Ed. note: This post is part of the Spotlight on Commerce series highlighting members of the Department of Commerce and their contributions to an Economy Built to Last.
Guest blog post by Denise Yaag, Director, Office of Executive Resources
Having been born and raised in Takoma Park, Maryland, it could perhaps seem unsurprising that I ended up working for the federal government. In fact, I made a very deliberate choice 26 years ago to dedicate my career to serving my country and I do not regret that decision to this day.
As Director of the Office of Executive Resources, I support the Secretary in managing executive and senior professional employment throughout the Department of Commerce. I’ve helped to ensure alignment and cascading of Departmental and organizational goals with performance goals of the executive and senior professional cadre in order to enhance organizational and individual performance, accountability, and results. One of the most enjoyable and satisfying responsibilities of my position is working with the Office of White House Liaison to coordinate bringing new political appointees on our rolls. Over the years I’ve had the pleasure and privilege to get to know some truly brilliant and accomplished individuals who have served our president and our nation, helping execute the administration’s agenda and the programs that help America compete in the global economy.
While government service always seemed appealing, the field of human resources was not always part of the plan. I have had a lifelong interest in science. In elementary school, when given the choice of an elective course to take, I chose geology, finding myself the only girl in a classroom full of boys. In high school, I was one of only a few female students in the Chemistry Club. And at the risk of dating myself, this trend continued into college, where I was regularly one of a just a small number of women in labs. I was on track to enter what we now call a “STEM” (Science, Technology, Engineering, and Mathematics) career field.
While working to put myself through the University of Maryland, through an unexpected chain of events, I reestablished contact with a longtime family friend, W.J. “Bill” Usery. Mr. Usery was President Gerald Ford’s Secretary of Labor and headed the Federal Mediation and Conciliation Service under President Richard Nixon. He helped write and implement the Executive Order that gave union organizing rights to Federal government workers and established collective bargaining, grievance and dispute resolution procedures. When we reconnected, he was working to establish a labor-management partnership between General Motors, Toyota, and the United Auto Workers. I became fascinated with his work and saw the tremendous good he accomplished for businesses and their workforces. At that point, I knew I wanted to change my game plan. I still took science courses, but graduated summa cum laude with a bachelor’s degree in Personnel and Labor Relations.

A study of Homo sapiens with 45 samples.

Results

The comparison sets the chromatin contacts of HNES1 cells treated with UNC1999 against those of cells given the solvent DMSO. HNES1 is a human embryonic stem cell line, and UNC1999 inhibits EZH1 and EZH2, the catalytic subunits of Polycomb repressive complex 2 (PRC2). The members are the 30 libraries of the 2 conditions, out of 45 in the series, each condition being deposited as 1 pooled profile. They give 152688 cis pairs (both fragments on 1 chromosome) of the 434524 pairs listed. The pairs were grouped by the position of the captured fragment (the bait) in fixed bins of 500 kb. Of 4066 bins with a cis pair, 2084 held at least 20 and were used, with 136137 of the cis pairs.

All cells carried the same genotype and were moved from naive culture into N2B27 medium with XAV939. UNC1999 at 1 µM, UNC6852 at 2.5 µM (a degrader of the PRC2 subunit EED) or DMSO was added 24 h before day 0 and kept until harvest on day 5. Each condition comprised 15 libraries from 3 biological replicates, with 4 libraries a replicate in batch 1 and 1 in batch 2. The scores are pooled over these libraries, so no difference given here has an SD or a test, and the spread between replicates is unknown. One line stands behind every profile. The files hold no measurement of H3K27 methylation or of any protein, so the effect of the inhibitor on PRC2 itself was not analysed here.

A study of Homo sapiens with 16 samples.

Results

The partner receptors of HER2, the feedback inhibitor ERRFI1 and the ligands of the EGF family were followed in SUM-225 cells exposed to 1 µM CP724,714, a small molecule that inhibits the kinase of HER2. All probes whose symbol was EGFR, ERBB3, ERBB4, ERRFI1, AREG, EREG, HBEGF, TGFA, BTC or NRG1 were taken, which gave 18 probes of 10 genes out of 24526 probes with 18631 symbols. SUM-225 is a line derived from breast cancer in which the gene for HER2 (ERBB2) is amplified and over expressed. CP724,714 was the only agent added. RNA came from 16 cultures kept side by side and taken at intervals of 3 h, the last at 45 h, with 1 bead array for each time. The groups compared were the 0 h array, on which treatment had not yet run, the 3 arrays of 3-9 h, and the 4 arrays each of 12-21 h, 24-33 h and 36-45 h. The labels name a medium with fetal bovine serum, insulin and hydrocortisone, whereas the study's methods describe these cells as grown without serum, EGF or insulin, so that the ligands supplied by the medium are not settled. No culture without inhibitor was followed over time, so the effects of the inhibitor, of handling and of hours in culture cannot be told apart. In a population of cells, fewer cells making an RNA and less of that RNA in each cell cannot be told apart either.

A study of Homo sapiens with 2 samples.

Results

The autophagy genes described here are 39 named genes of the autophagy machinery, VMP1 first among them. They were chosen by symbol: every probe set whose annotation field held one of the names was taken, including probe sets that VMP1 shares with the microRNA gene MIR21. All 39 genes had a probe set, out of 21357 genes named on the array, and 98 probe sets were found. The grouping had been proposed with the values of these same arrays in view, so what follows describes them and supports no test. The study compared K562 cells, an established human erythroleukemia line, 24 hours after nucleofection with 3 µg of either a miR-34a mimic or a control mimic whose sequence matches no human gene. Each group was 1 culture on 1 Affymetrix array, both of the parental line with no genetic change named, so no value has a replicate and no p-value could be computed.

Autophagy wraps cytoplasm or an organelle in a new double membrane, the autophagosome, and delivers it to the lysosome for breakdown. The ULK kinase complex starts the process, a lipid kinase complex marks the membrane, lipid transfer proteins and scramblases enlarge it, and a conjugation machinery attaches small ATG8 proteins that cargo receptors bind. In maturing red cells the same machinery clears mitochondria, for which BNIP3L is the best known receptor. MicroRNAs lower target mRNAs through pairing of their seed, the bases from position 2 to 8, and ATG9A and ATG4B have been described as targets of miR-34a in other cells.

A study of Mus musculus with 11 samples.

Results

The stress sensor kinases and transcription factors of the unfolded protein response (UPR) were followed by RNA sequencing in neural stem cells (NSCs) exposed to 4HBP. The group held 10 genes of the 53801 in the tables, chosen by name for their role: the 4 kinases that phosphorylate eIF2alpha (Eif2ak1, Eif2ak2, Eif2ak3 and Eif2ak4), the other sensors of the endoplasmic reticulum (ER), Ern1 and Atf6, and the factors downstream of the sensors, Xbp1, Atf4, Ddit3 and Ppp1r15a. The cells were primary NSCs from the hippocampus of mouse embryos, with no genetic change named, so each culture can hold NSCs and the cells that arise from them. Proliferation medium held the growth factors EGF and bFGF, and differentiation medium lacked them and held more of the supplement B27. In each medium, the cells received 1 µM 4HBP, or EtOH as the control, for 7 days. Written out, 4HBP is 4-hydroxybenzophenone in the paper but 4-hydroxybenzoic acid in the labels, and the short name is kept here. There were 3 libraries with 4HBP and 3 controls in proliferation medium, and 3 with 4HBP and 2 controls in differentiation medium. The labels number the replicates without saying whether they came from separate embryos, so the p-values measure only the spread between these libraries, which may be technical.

I believe in the work world, there’s little worthwhile that comes without effort. It’s critically important to work hard and don’t wait for opportunity to knock. Put yourself out there, make sure your attributes and competencies are known and continue to develop new ones. Because I’ve ensured management has been familiar with my background, I’ve gotten to do a great deal of high impact and exciting work over the years, while applying my full educational background and continuing learning. At the Agriculture Department, I got to travel to laboratories all over the south to audit chemists overseeing aflatoxin testing and to establish the Commodities Scientific Support Division. Because I programmed in my engineering calculus class, I was one of the first human resources staff chosen to get to learn how to write code to create reports from NFC’s mainframe.
Always remember that progress is not just vertical, meaning a promotion or increase in grade, but it is also horizontal, meaning an enrichment of experience. I’ve worked at five different agencies and three of the moves I made did not involve promotions, but they did involve very different work. Our careers can be as rich and fulfilling as we decide to make them, and the better we work, the better our nation is for our efforts.